Bendix plugs in to telematics

March 2, 2006
Real-time asset tracking technology has evolved to the point where suppliers of all major commercial vehicle systems are readying its products to hook up to these systems

Real-time asset tracking technology has evolved to the point where suppliers of all major commercial vehicle systems are readying its products to hook up to these systems. And brake manufacturers are no exception. Bendix’s ABS-6 Advanced with ESP (electronic stability system) is controlled by a central computer that’s ready to be plugged into a telematics unit to communicate incident information to fleet managers as it occurs.

Bendix invited the press to a demonstration of its premium brake system here at Keweenaw Research Center in Houghton, MI, where it also outlined its plans to develop packages with telematics providers such as Qualcomm.

Although telematics is certainly not part of Bendix’s core businesses in air brakes and filtration systems, it is a technology that the company couldn’t afford to overlook. A telematics-ready Bendix system, which is primarily designed to reduce the likelihood of jackknifing and rollovers, could give it the features needed to make the sale, according to company officials.

“The key thing is that we see this information as valuable, helping the fleet understand what’s happening in the field, run as efficiently as possible, and provide maximum return on investment [in the ABS-6 Advanced system],” Fred Andersky, marketing manager- electronics, told FleetOwner.

“Fleets tell us, don’t send me pages and pages of data-- send me what’s usable and actionable,” said Kevin Romanchok, Bendix product line director- electronics. “They are the trend setters— the innovators who are really pushing the…[product]…into a usable technology that delivers a good return on investment.”

According to Bendix, the key benefits of transmitting data from the advanced ABS system in real-time is that it gives fleet managers more tools to proactively handle incidents such as diagnostic issues and collisions, as well as immediately address driver performance issues.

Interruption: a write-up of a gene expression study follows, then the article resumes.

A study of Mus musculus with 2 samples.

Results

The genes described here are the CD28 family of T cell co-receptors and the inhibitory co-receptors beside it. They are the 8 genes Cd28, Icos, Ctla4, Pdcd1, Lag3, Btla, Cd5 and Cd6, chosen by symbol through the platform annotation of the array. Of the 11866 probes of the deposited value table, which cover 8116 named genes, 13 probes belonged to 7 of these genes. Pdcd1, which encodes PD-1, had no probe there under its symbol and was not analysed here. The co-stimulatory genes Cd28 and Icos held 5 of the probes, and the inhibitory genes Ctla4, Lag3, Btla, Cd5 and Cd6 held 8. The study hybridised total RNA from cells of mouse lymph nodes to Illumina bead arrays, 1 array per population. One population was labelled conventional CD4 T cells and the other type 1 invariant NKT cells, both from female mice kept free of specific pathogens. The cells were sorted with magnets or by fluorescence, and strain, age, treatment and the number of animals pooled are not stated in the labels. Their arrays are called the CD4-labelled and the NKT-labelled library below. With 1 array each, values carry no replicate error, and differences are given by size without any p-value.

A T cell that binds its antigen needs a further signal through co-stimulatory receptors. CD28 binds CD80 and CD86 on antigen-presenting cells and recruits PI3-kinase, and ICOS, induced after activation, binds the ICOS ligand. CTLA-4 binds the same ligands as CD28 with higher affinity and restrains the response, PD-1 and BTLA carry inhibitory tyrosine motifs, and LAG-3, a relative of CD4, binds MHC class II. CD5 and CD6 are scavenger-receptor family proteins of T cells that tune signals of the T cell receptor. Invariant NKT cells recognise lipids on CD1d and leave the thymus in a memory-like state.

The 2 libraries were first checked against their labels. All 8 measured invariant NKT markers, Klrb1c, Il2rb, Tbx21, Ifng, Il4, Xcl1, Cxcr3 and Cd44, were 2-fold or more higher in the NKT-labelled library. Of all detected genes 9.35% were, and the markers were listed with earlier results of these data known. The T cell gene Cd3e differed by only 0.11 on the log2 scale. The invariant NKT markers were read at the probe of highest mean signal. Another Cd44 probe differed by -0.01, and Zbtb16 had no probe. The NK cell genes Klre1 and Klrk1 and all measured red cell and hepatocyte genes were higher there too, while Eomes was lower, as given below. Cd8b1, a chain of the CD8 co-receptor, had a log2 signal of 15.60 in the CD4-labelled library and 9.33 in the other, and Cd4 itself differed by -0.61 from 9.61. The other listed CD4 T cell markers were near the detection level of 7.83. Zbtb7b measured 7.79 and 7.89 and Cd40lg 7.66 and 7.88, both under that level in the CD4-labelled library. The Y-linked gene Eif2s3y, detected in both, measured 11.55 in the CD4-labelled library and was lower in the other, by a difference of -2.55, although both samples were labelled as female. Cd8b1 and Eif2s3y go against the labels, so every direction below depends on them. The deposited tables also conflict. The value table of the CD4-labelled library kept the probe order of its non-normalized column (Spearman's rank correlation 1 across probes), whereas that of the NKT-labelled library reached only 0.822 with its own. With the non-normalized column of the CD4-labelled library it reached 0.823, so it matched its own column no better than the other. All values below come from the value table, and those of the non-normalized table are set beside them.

Driver performance monitoring remains a controversial issue as the trucking industry works its way through privacy issues. The technology has the potential to be either an effective training tool for fleet managers when they notice incidents such as hard braking, or stability loss—or a big nuisance to drivers.

But for now, Bendix is in contact with fleet customers to weigh their views on those issues, as well as with telematics firms to develop an effective solutions package. Romanchok describes it as a constantly evolving process.

“Literally, we have one individual [in Bendix] who is almost completely focused on [telematics],” said Romanchok. “We’ve been working on addressing [telematics] for the last three years. We…[planned]…what we’re going to store onboard and transmit on a regular basis. What this helps us with, from a business perspective, is differentiation [of our product].

“It’s going to be a year from now before the dust has settles and we have a better understanding of what would make the best solution for the fleets. We’re having these types of discussions with various providers.”

Romanchok believes by mid- to late-2006 an integrated telematics package will be deployed at various fleets. “The programs are underway,” he says. “It’s just a matter of how it gets rolled out, to whom and in what quantity. It’s too early to tell what that distribution will look like.”